Shooting: Everybody does it! Some players do it more than others. The top three players in shot attempts in NBA history are not too surprising, but they do say a lot about the trajectory of the league and these players’ careers. Were they ball-hogs or simply great scorers? And could a man they call “the King” make his way onto the list? Here are the NBA players with the most shot attempts.
3. Kobe Bryant
Kobe was a hero to millions of basketball fans. The adoration was deserved. Bryant was a totemic figure for a couple generations of players and NBA watchers. The legendary shooting guard inspired people to pursue their dreams and still had so much more to give. But it is no disrespect to the dead to admit Bryant never saw a contested mid-range jumper he didn’t love.
Bryant’s public image is largely defined by two concepts: unbreakable confidence and shameless humility. This dichotomy is what gave Bryant the personal license to look for his own shot as often as he did. He took 26,200 shots over the course of his career, hitting 11,719 (44.7%) of them. The amount of shots he took had a shade of selfishness about it. It’s clear he always believed in himself more than most of his teammates, even if they were All-Stars like Dwight Howard. And there was that time when he refused to shoot in an elimination playoff game against the Suns to make a point. But Bryant earned that cache because of his greatness.
The height of his shot-taking abilities was the 2005-06 season when he averaged 27 shots a game. Bryant made good use of the opportunities. He averaged 35 a game, and put up two of the best performances of his career. He lit up the Dallas Mavericks for 62 points in three quarters. But this season is most remembered for the 81-point game against the Toronto Raptors a month later.
Bryant’s efficiency went down the drain after tearing his Achilles, but that didn’t stop him from gunning for shots. He left the game the only way he could. In his final game, he scored 60 points on 60 shots to defeat the Utah Jazz. It was absurd, a tad egotistical, and a perfect send-off for one of basketball’s greatest soloists.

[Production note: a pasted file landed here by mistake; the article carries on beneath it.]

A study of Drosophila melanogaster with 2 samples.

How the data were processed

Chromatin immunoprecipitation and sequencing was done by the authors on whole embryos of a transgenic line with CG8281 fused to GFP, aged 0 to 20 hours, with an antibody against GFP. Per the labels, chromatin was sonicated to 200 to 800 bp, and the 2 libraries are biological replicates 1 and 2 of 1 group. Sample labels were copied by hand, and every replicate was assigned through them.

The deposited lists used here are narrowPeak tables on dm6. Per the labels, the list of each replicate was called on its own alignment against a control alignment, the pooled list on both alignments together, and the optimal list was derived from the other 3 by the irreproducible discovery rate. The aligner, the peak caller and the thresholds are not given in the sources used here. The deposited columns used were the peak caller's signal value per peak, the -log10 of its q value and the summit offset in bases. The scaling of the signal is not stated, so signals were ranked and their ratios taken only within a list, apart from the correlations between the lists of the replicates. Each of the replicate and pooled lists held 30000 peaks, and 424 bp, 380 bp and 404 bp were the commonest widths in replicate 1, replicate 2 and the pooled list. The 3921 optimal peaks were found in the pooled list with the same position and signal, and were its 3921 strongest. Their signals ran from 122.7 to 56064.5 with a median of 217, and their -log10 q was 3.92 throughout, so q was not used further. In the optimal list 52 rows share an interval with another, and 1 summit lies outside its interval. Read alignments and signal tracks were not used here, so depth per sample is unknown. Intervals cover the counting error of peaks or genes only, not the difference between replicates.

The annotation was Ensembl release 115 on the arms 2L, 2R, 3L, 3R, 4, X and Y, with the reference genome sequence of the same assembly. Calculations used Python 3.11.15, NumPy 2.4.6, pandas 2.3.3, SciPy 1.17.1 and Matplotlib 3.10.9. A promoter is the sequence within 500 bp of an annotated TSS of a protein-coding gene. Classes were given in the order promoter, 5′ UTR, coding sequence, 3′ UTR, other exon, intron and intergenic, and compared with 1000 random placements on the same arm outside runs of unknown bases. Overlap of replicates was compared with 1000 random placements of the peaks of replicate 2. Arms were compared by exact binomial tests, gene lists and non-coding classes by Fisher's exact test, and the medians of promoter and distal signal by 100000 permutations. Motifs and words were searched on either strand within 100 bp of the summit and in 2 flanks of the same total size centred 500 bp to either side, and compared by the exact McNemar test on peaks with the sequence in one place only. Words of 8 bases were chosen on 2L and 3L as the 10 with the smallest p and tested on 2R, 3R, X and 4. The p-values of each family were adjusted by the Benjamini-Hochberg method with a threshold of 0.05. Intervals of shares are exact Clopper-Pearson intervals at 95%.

2. Karl Malone
Few players have displayed the longevity of Karl Malone. He is the biggest surprise on this list. But he accrued consistent numbers for such a long time that he deserves it. His style was far from flashy — Malone holds the records for most free throws taken (13,188) and made (9,787) across a career — but it was certainly effective.
He took 26,210 shots during his career and hit 13,528 of them for an impressive shooting percentage of 51.6%. Malone failed to average at least 20 points a game in only his rookie year and his final season with the Lakers.
The overpowering athlete and knew how to harness his gifts. He was both stronger and faster than many of the players tasked with guarding him. He was also incredibly durable. Malone didn’t miss more than five games in any season until that last one in LA. That durability helped him become one of the oldest players to win the MVP award.
Malone never won a title. But this has more to do with being in the NBA at the same time as Michael Jordan than his own shortcomings.
1. Kareem Abdul-Jabbar
The man formerly known as Lew Alcindor has such a great career after his playing days that it sometimes gets forgotten that he’s one of the best players of all time. In fact, Kareem Abdul-Jabbar should be in the “best player ever” conversation far more often than he is. The athlete has six championships, two Finals MVPs, six regular-season MVPs, 19 All-Star appearances, and 10 All-NBA First Team honors.
Abdul-Jabbar averaged 25 points a game over the course of his 20-year playing career. He took 28,307 shots and made 15,837 of them (55.9%). He took a lot of shots because he was the owner of the most unblockable shot in basketball: the skyhook.
The shot harnessed Abdul-Jabbar’s seven-foot frame and long arms into a shot that impossible to guard. This skill helped him win the scoring title twice at the beginning of the seventies. He may not have flourished in the modern NBA, due to the lessened importance of the post-game, but his place in the record books will last forever.
Which player is most likely to break into the top three?
Each of the three players at the top of the shot attempts list have a few things in common. They all were substantial NBA players for the better part of 20 years. They avoided serious injuries and had the physical and mental stamina to take all of those shots. All of those achievements are hard to attain. You need a fair bit of luck to even approach the conversation.
There are only four players currently in the NBA in the top 50 of the shot attempts list. No offense to Kevin Durant, LaMarcus Aldridge, and Russell Westbrook, but James is the only guy with a chance of making it. He’s already fifth on the list with 24,654 shots, which is 3,653 from the top spot. He averages about 1,540 shots a season, meaning he’ll probably break the record within the next three years.
James would be a relatively ancient 38 at that point. But he shows so few signs that he ages like a normal person that it’s safe to assume he’ll get there. James is well aware of this. He’s talked about breaking the all-time scoring record that Abdul Jabbar also holds. It’s an impressive achievement considering how happy he is as a playmaker. But James has made a habit of doing things that were thought to be impossible.